How to Engage Institutions to Publicly Support Animal Research
- Featured in:
- SfN Annual Meeting Recordings
Feb 22, 2017
Worldwide, researchers are engaging the public to increase their understanding of and support for animals in research. However, scientists need research institutions to facilitate greater openness about animal research conducted on campus and reject the fear of attracting negative attention.
This panel will discuss the proven benefits of positive institutional public communication and openness, as well as strategies to engage our institutions to publicly support animal research.
Kirk Leech has served as the executive director of the European Animal Research Association since 2014. He previously worked in government affairs at The Association of the British Pharmaceutical Industry and was a project manager for Understanding Animal Research, a leading advocacy group in the United Kingdom that explains why animals are used in medical and scientific research.
J. David Jentsch, PhD
J. David Jentsch is the Empire Innovation Professor of Psychology (behavioral neuroscience) at Binghamton University. A considerable amount of his research focuses on identifying the genetic and neural mechanisms contributing to compromised self-control abilities in drug and alcohol addictions. He won the 2011 Jacob P. Waletzky Award from SfN for his contributions. Jentsch is an advocate for sustained engagement with the public on the substance and practice of psychological and neuroscience research, including on the topic of humane and responsible animal research. His past efforts to promote heightened participation in public outreach led to his receiving the 2012 Award for Scientific Freedom and Responsibility from AAAS.
John H. Morrison, Phd
John H. Morrison is the Director of the California National Primate Research Center and Professor of Neurology and Neuroscience at UC Davis. Dr. Morrison earned his Bachelor’s Degree and PhD from Johns Hopkins University, and completed postdoctoral studies in the laboratory of Dr. Floyd E. Bloom at the Salk Institute for Biological Studies. Dr. Morrison’s research program focuses primarily on the neurobiology of aging and neurodegenerative disorders such as Alzheimer’s Disease, particularly as they relate to cellular and synaptic organization of cerebral cortex. Within this broad arena, his lab works specifically on the interactions between endocrine factors (e.g., estrogen, stress steroids) and aging and the synaptic determinants of cognitive aging. He has published over 300 articles on cortical organization, Alzheimer’s disease, the neurobiology of cognitive aging, and the effects of stress on cortical circuitry. Deeply committed to the public communication of neuroscience, he was a member of the BrainFacts.org Advisory Board, which helped guide the development of BrainFacts.org from its inception, prior to becoming Editor-in-Chief.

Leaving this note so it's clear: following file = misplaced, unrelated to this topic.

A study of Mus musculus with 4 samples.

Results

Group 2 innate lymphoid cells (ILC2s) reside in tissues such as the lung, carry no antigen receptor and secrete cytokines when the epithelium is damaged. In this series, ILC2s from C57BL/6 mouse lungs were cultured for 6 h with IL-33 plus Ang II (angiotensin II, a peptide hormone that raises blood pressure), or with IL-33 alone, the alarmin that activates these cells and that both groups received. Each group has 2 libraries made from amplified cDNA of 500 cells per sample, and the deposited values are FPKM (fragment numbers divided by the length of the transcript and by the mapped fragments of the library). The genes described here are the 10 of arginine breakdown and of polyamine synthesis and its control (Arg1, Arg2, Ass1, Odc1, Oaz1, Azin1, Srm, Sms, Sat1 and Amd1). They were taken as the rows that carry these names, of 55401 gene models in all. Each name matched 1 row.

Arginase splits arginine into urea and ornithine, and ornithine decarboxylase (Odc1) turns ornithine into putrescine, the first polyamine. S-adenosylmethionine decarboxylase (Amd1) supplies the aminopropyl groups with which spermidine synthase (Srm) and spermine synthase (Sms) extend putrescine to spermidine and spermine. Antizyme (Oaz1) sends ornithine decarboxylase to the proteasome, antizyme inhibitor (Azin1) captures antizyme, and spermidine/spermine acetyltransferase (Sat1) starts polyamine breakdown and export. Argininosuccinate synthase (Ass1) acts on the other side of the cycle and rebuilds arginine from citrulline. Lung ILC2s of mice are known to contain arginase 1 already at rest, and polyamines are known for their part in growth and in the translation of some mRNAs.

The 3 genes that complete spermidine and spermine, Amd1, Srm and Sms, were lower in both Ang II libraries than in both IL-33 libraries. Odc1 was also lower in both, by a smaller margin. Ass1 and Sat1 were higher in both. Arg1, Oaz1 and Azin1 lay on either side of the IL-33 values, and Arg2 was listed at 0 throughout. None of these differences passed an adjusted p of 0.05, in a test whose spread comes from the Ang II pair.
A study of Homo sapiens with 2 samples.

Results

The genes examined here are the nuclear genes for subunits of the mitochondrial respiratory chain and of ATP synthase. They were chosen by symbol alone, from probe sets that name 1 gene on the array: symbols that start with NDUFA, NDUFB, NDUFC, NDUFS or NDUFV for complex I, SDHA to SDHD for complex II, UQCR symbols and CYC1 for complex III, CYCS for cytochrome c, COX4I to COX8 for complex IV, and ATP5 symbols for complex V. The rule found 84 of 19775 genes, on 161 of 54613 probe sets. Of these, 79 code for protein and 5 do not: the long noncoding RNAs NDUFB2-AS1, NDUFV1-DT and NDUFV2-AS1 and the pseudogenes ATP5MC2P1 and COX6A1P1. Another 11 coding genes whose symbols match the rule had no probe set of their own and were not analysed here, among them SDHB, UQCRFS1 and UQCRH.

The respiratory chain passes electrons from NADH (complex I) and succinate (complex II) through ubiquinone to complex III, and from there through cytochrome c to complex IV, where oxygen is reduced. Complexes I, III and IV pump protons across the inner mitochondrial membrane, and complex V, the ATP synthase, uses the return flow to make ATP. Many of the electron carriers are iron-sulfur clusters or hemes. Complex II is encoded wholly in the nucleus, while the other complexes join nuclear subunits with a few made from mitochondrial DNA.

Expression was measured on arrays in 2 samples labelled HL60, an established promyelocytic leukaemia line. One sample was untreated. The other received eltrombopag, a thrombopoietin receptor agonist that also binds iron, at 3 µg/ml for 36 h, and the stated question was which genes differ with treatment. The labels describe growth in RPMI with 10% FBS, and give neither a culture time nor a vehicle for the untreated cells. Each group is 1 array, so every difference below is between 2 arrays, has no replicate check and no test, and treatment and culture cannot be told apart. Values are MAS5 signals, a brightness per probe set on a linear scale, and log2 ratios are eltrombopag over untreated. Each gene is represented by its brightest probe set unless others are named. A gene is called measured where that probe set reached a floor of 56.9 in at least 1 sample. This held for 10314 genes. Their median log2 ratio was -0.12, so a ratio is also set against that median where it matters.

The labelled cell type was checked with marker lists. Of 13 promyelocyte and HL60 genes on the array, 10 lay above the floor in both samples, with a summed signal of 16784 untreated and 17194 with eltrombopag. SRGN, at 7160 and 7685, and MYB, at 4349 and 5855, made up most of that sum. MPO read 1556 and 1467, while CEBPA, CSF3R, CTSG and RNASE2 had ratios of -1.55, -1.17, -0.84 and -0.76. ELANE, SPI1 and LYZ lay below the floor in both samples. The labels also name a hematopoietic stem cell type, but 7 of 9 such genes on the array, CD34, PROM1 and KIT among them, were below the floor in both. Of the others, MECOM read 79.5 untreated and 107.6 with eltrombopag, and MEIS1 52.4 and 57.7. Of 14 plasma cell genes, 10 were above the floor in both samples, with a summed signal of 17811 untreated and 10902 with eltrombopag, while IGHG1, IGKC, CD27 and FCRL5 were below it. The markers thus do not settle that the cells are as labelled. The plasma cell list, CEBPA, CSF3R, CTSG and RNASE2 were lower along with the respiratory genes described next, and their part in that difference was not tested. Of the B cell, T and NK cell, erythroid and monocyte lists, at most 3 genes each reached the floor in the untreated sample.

Carrie D. Wolinetz, PhD
Carrie D. Wolinetz is the associate director for science policy and director of the Office of Science Policy (OSP) at NIH. As a leader of OSP, she advises the NIH Director on science policy matters of significance to the agency, the research community, and the public, on a wide range of issues including human subjects protections, biosecurity, biosafety, genomic data sharing, regenerative medicine, the organization and management of NIH, and the outputs and values of NIH-funded research. Previously, Wolinetz worked on biomedical research policy issues as the deputy director for federal affairs at the Association of American Universities and the director of scientific Affairs and Public Relations at the Federation of American Societies for Experimental Biology. She also served as the president of United for Medical Research, a leading NIH advocacy coalition. Wolinetz teaches as an adjunct assistant professor at Georgetown University in the School of Foreign Service’s program on Science, Technology, and International Affairs. She has a BS in animal science from Cornell University, and she received her PhD in animal science from The Pennsylvania State University.
Mar Sanchez, PhD
Mar Sanchez is an associate professor of psychiatry and behavioral sciences at Emory University and a core scientist in the division of developmental and cognitive neuroscience at the Yerkes National Research Primate Center. Her research examines how early life stress affects the development of brain systems involved in emotional regulation in nonhuman primates. She served as chair of SfN’s Committee on Animals in Research from 2015–2018.